Susan Collins doesn't want Donald Trump to be president. There's nothing remarkable about that statement or her piece in the Washington Post explaining her non-endorsement unless you mention the fact that Collins is in fact Sen. Susan Collins, a Republican from Maine.
Try reading her article as if your Republican Uncle Joe had written it and took the position that Trump deserves to lose because:
- He mocked a disabled reporter in front of an adoring audience.
- He spewed sexist insults at a female reporter.
- He deemed a federal judge unfit to preside over the Trump University fraud case because his name is Gonzalo Curiel.
- He attacked the parents of a U.S. soldier killed in Iraq.
- He doesn’t know anything. By the way.
Such a recitation of grievances this late in the campaign — after the country has been tormented for more than a year by the very real possibility that a hateful authoritarian will succeed Barack Obama as president — would earn your Uncle Joe no points for morality or bravery. You'd stop listening to the political ramblings of someone who couldn't long ago identify the existential threat to our democracy (and probably the world order) that a Trump administration posed.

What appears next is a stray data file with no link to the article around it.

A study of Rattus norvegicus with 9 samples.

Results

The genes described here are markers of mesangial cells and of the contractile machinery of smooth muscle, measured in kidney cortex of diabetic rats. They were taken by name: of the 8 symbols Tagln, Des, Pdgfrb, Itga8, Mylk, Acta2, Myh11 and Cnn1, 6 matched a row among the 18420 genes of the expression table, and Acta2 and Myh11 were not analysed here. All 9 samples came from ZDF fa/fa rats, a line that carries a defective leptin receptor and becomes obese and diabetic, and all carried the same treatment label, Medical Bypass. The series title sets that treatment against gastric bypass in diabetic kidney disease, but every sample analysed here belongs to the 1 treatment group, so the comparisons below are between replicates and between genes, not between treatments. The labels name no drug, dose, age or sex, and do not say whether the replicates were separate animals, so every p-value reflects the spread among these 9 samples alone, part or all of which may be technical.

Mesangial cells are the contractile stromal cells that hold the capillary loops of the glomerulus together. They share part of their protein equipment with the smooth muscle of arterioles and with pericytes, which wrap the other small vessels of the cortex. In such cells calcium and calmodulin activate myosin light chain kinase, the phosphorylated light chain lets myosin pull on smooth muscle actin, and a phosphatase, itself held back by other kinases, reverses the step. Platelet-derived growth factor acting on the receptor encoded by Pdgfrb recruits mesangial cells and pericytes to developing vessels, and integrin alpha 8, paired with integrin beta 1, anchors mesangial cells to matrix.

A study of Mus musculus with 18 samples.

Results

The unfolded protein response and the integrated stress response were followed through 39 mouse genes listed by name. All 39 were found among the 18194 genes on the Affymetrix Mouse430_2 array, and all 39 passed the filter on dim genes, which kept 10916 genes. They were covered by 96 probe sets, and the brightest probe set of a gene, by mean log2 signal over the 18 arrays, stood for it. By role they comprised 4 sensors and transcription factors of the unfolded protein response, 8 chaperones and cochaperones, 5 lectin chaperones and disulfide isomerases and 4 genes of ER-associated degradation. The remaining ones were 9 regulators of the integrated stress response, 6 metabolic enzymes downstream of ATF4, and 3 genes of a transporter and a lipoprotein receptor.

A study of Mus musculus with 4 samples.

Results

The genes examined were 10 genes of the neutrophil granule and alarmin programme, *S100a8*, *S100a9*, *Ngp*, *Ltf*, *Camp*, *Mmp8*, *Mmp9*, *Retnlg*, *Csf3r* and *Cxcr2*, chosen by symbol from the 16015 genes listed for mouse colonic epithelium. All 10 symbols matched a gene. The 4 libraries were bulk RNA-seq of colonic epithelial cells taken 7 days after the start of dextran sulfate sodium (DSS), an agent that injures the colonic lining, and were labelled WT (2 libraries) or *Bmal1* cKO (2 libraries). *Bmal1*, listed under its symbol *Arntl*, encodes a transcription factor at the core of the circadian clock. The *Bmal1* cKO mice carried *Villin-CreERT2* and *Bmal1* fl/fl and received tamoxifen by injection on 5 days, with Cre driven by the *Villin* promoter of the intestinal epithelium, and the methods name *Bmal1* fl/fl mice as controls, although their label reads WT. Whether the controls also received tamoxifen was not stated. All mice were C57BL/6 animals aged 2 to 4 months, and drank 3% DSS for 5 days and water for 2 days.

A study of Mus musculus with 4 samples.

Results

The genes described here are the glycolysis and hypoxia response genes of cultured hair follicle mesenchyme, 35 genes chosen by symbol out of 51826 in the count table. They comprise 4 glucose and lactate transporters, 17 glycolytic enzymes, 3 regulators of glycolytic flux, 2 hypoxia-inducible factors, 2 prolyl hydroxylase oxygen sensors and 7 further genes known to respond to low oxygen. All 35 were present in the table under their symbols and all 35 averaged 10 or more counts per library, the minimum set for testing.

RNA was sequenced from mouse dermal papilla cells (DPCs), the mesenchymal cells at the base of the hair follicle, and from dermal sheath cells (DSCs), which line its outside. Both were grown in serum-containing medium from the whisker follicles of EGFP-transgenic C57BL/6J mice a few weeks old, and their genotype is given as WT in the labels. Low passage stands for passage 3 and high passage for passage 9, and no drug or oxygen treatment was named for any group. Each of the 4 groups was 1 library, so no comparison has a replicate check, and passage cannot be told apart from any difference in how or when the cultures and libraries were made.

But Collins is a powerful senator from Maine, and her moral and political pronouncements matter more than yours and mine. Months ago, before the Trump candidacy was confined to the Republican Party, people and institutions with far less influence but operational moral compasses sounded the alarm on Trump. Their warnings were drowned out by the silence of people like Collins and House Speaker Paul Ryan. Eventually, Ryan fell in line and tepidly endorsed Trump, setting the stage for Republicans like Collins to walk across it as heroes for publicly withholding their endorsements from their nominee mere months before election day. Such is the state of the Republican Party today.
In 1964, most Americans decided that Republican Barry Goldwater posed a great risk to gains made in civil rights and the non-use of nuclear weapons. He earned fewer than 100 electoral votes and 40% of the popular vote against incumbent Lyndon Johnson. Like Goldwater, it isn't enough for Trump merely to lose; his candidacy deserves total rejection at the polls in November.
And for that to happen, Republicans like Collins should go one step further than refusing to support Trump. If their goal is to truly repudiate Trump and prevent him from becoming president, they should endorse Hillary Clinton.